Tuesday, January 17, 2017

Joe’s Montage: The FRANK ZAPPA Vinyl Reissues!

Reviewed by Dave Rayburn

Zappa Records and UMe have teamed together for yet another monumental wave of Frank Zappa/Mothers of Invention releases, all available on vinyl again for the first time in decades! Following November’s highly-anticipated new offerings of MEAT LIGHT, CHICAGO ’78 and LITTLE DOTS, five core catalog titles were immediately announced to follow as part of the Zappa Family Trust’s continued excavation of the storied music vault.

The five titles given new analog life include CRUISING WITH RUBEN & THE JETS (the fourth Mothers of Invention album, released in 1968), JOE’S GARAGE (all three Acts, from 1979), LUMPY GRAVY (Frank’s first solo album from 1967), WEASELS RIPPED MY FLESH (the last album from the original Mothers lineup, 1970), and WE’RE ONLY IN IT FOR THE MONEY (the 1968 political satire classic, complete with a Beatles parody cover).  Each of these records stands on their own as essential listening among Zappa aficionados. Although they don’t paint the complete picture of his range and diversity, they all coalesce as a well-defined denominator to Frank’s immense catalog. The humor. The innovation. The culture. The nerve. The genius. It’s all there.

Of the reissues just unleashed, JOE’S GARAGE is perhaps the most alluring to both casual listeners and those that have already jumped in the deep end of Zappa’s catalog. There’s always something to keep coming back for. Originally issued as two separate pieces (Act 1 was released in September of 1979 with Acts 2 & 3 being issued together two months later), it wasn’t until 1987 that Barking Pumpkin Records (A Frank Zappa label) issued all three acts together as one cohesive piece. Since 1990, however, JOE’S GARAGE has been achingly out of print on vinyl… just waiting for the right time to infect the world again.

The three-LP R&B/Prog/Doo-Wop/Reggae/Jazz/Lounge/Rock Opera takes the listener on a journey through what Frank liked to call “a stupid little story about how the government is going to do away with music.” Once you buy into that premise, Frank and his cohorts handle the rest. With censorship stalwarts clearly in his sights, Zappa (The Central Scrutinizer) proceeds to weave the tale of a young man (Joe) with dreams of being a rock star and what can happen if you choose a career in music. From groupies to the government, the onslaught to take him (and those like him) down is unleashed. Lyrically, Frank was unapologetic about using the English language, unmolested, to convey his thoughts in the clearest and most concise way possible with his storytelling. Much of this phase of his work was used as an example for the case against the spread of explicit content in music in the coming decade, which he fought boldly against.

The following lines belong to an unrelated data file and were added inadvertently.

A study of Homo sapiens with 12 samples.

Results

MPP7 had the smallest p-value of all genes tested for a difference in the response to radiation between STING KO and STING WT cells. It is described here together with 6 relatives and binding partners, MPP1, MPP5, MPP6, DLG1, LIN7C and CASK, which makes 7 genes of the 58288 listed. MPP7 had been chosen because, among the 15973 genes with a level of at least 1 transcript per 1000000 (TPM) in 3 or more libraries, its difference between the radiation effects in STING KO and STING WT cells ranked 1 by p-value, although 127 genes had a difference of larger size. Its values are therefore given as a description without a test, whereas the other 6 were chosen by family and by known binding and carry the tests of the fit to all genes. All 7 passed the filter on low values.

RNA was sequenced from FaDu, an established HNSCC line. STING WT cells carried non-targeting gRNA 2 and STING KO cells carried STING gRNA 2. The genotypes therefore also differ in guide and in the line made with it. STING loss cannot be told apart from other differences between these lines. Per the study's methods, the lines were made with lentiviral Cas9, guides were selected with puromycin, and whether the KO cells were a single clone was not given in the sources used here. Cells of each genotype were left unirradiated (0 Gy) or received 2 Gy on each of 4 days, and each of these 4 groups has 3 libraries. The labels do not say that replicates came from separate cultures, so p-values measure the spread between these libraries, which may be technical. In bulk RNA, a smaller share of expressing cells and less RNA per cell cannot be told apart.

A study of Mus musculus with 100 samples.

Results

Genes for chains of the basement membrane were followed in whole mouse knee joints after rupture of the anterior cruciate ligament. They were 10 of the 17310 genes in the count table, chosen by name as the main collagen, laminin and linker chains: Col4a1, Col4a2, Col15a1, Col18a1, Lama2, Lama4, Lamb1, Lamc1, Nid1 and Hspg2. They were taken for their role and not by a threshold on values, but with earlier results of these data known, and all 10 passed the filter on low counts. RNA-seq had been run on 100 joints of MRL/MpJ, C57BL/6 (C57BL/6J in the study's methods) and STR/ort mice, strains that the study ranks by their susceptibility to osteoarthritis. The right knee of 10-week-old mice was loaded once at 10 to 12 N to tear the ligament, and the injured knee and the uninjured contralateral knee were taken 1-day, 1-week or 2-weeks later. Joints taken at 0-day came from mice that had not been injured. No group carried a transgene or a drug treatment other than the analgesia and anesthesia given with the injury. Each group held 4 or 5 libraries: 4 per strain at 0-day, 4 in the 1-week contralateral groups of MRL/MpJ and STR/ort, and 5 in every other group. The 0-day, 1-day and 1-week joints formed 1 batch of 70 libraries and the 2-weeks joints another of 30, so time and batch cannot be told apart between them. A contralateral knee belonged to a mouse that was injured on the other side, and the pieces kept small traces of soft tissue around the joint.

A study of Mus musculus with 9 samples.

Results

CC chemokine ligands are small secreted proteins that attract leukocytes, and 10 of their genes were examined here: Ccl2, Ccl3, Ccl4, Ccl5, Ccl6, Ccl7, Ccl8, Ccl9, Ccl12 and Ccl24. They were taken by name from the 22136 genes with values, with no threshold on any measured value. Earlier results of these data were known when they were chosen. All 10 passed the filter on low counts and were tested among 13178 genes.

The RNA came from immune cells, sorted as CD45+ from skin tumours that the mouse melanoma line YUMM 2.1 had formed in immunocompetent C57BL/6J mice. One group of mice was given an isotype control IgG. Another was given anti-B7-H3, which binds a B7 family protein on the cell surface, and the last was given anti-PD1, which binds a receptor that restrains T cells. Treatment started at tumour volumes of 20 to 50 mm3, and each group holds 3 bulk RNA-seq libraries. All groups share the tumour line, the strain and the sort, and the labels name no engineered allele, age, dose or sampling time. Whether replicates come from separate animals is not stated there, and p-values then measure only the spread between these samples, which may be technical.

And then there’s the music of JOE’S GARAGE. Although it’s worth noting recognizable contributions from Peter Wolf (J. Geils Band) and Dale & Terry Bozzio (Missing Persons), the spotlight manages to shine brightest on the soulful vocal styling of one Ike Willis, who is featured quite prominently throughout the record as the voice of Joe. Willis’ masterful range and gift of delivery adds a level of humanity that draws you in from the title track onward. The story traverses an avant-garde field of musical genres, taking sharp left and right turns at nearly every opportunity, making a start-to-finish spin of this album a true joy ride. In fact, one of the more interesting things to listen for is Frank’s extensive experimentation with “xenochrony” (the practice of taking previously cut live guitar solos, with different time signatures, and overdubbing them onto new studio tracks). All but two songs on this album incorporate this method, showcasing the complex nature of how the record was made. The album eventually enters cool-down mode with what many consider Frank Zappa’s most beautiful guitar solo in “Watermelon In Easter Hay”, a nine-minute epic that replicates the last imaginary guitar solo that our hero, Joe, dreams up. That track alone is a sonic wonder, but the new all-analog mastering of the 1979 ¼” safety master tapes by Bernie Grundman really brings this entire record into present day standards. Complete with a triple-gatefold package that includes all three LPs pressed to 180-gram audiophile quality vinyl, JOE’S GARAGE has finally achieved its best sounding state since its original release nearly four decades ago.

And, at a time when audio quality is starting to matter again… there’s never been a better reason to re-explore the Frank Zappa catalog. “You’ll love it. It’s a way of life.”

1 comment:

Unknown said...

Wrong Peter Wolf on Joe's Garage. It was not Peter from J. Geils.